Carlo Pan admits that Freelife Solutions’ business model would not work without the mass digitization of commerce around the world and – more specifically – in China.
But thanks to the booming e-commerce ecosystem in the world’s second-largest economy, Freelife – a tech-based business marketing firm based in Richmond – might soon be able to offer B.C. small and medium-sized producers of certain products to sell directly into China without an established bricks-and-mortar storefront or existing importer/exporter expertise.
Pan, the company’s CEO, compares Freelife’s model to that of Uber and Airbnb – creating a platform for suppliers of a certain product to post their goods, and linking potential clients to the same platform so that buyer and seller can talk directly. Whereas Uber and Airbnb provide transportation and accommodation services, Freelife offers market access opportunities to China.
“Let me give you a specific example,” Pan said. “We’ve linked up Oceans Fresh Food Market, a Toronto-based supermarket, with China’s Fruitday.com, a company that distributes foreign fruits in China through online order. There are Chinese online vendors that are constantly looking for stock, and many are looking at Canadian foods because the Canada brand carries a pristine reputation.”
Pan said that as more Canadian companies sign on to sell their products to a Chinese vendor’s network, they can all use the same vendor’s import-export network to ship their goods to Asia, dramatically lowering costs and effort. The vendor would also put the Canadian products directly online for Chinese consumers to browse first-hand.
Cross-border e-commerce is a growing trend in China. According to consultancy McKinsey & Co., Chinese consumers bought 259 billion renminbi ($55 billion) worth of international goods online in 2015, 6% of the country’s total e-commerce figure.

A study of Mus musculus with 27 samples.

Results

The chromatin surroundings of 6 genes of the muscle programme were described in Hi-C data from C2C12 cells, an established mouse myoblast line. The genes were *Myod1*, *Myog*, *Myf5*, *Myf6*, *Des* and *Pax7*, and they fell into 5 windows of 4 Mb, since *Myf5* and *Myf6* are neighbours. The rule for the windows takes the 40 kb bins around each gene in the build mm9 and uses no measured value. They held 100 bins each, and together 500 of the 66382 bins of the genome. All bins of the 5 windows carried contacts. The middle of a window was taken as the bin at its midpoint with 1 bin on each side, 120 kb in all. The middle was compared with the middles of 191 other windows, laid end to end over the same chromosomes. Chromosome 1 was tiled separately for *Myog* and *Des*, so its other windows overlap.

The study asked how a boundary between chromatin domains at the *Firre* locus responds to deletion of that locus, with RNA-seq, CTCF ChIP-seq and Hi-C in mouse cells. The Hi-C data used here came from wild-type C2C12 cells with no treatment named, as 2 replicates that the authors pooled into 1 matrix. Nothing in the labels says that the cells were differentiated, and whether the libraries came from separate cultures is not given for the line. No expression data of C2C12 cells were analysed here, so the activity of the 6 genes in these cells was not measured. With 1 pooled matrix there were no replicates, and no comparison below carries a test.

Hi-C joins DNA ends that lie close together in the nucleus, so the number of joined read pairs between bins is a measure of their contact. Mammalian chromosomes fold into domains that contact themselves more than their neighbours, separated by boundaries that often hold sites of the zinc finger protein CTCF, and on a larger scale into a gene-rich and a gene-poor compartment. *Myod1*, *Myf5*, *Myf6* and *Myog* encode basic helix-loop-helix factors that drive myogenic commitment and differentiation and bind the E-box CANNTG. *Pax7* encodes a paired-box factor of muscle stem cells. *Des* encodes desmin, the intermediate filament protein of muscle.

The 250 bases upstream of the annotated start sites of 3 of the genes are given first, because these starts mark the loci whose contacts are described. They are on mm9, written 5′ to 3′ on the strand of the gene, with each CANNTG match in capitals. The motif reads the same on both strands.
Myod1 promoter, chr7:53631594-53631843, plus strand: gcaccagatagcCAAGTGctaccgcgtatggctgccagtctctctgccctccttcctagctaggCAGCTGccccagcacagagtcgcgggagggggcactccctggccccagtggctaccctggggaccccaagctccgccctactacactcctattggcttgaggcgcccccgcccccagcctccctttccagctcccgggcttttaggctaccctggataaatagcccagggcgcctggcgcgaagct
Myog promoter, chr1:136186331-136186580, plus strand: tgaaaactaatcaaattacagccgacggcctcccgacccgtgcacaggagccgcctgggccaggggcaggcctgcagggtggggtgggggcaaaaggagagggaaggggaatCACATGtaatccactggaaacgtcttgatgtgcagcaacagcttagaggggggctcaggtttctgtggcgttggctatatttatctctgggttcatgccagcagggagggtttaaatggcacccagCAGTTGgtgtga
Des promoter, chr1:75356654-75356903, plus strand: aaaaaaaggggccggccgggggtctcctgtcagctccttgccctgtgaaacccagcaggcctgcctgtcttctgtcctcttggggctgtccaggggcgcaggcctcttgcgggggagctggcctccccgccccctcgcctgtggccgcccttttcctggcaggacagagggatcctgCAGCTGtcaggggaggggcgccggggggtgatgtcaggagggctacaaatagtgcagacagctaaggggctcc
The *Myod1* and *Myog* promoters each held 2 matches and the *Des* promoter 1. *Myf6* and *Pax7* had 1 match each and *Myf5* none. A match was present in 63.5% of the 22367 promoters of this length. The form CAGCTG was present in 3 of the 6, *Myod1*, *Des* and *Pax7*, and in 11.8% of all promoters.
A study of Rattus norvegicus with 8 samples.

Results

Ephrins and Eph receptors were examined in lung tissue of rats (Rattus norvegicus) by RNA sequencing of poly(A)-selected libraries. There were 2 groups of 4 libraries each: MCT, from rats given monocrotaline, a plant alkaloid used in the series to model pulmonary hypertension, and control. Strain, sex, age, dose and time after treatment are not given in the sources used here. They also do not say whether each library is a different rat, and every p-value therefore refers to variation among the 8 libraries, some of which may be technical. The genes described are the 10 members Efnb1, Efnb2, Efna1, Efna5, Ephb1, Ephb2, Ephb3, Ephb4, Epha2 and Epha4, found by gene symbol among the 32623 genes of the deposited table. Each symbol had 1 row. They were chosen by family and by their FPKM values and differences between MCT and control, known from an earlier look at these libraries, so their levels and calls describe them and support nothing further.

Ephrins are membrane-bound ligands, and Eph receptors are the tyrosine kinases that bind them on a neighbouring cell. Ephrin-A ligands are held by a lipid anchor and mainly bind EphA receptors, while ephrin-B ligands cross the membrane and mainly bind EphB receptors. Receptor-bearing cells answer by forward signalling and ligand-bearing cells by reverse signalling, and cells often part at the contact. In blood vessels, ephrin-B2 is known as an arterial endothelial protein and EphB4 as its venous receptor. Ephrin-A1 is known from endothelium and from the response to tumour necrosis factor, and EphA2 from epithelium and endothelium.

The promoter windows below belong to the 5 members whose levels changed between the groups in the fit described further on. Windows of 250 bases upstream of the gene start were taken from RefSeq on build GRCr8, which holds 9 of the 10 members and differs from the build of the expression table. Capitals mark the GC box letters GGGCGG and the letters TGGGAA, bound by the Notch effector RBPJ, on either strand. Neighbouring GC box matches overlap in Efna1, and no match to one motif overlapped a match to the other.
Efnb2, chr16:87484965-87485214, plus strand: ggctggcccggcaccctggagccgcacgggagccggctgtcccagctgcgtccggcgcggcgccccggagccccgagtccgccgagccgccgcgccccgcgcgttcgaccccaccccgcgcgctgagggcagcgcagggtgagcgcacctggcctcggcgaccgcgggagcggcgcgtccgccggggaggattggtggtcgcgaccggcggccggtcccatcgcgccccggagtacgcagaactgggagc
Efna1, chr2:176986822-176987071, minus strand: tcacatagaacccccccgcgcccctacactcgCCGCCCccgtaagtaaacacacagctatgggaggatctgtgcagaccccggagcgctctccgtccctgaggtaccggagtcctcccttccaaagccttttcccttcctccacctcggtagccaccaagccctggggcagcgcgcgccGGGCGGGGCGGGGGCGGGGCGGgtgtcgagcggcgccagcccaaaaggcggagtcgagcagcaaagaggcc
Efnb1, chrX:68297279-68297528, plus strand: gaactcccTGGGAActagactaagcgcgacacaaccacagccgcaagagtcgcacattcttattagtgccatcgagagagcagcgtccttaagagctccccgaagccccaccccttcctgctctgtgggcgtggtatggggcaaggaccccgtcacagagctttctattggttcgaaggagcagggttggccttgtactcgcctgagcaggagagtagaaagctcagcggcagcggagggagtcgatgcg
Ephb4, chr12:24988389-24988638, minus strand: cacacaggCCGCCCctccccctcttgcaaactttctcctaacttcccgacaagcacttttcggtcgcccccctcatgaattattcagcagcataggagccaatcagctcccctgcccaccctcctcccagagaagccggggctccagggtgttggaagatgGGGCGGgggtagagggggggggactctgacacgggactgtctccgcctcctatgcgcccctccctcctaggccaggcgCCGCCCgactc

The advent of social media apps like Tencent’s WeChat, which builds payment and financial transaction capabilities directly into instant messaging networks, means that a cellphone is all one ever needs to browse and buy a product or service.
In addition, McKinsey said Chinese authorities have “created a favourable postal duty of 10% to 50% for a large list of personal-use items” to further encourage sales of certain products through e-commerce.
Chinese tech giant Alibaba (NYSE:BABA) and U.S.-based Amazon (Nasdaq:AMZN) both have major designs on the market, in which Freelife wants to participate by introducing a Canadian component.
The company’s “ace in the hole,” Pan said, is a partnership with C Media Rail WiFi Ltd., a tech company that provides 50% of Wi-Fi services on Chinese train networks.
Pan said Freelife has already rolled on a “Canada channel” on the Wi-Fi service’s home page, meaning passengers onboard going online – a captive audience – could buy Canadian goods directly on their phones and have it delivered to their homes.
“If people don’t understand the concept we are trying to execute, that’s normal because it’s so new here,” Pan said. “But these services, if enough Canadian companies take up on it, give local businesses an affordable and efficient way to access China. The sharing economy like Uber and Airbnb is the future; that’s how companies can access demand beyond what you see in the Lower Mainland.”
Freelife plans to launch the “Canada channel” concept on China’s high-speed rail network, where higher-spending consumers travel, later this year. Pan added that the most sought-after Canadian products remain food-related items like seafood, fruits and wines.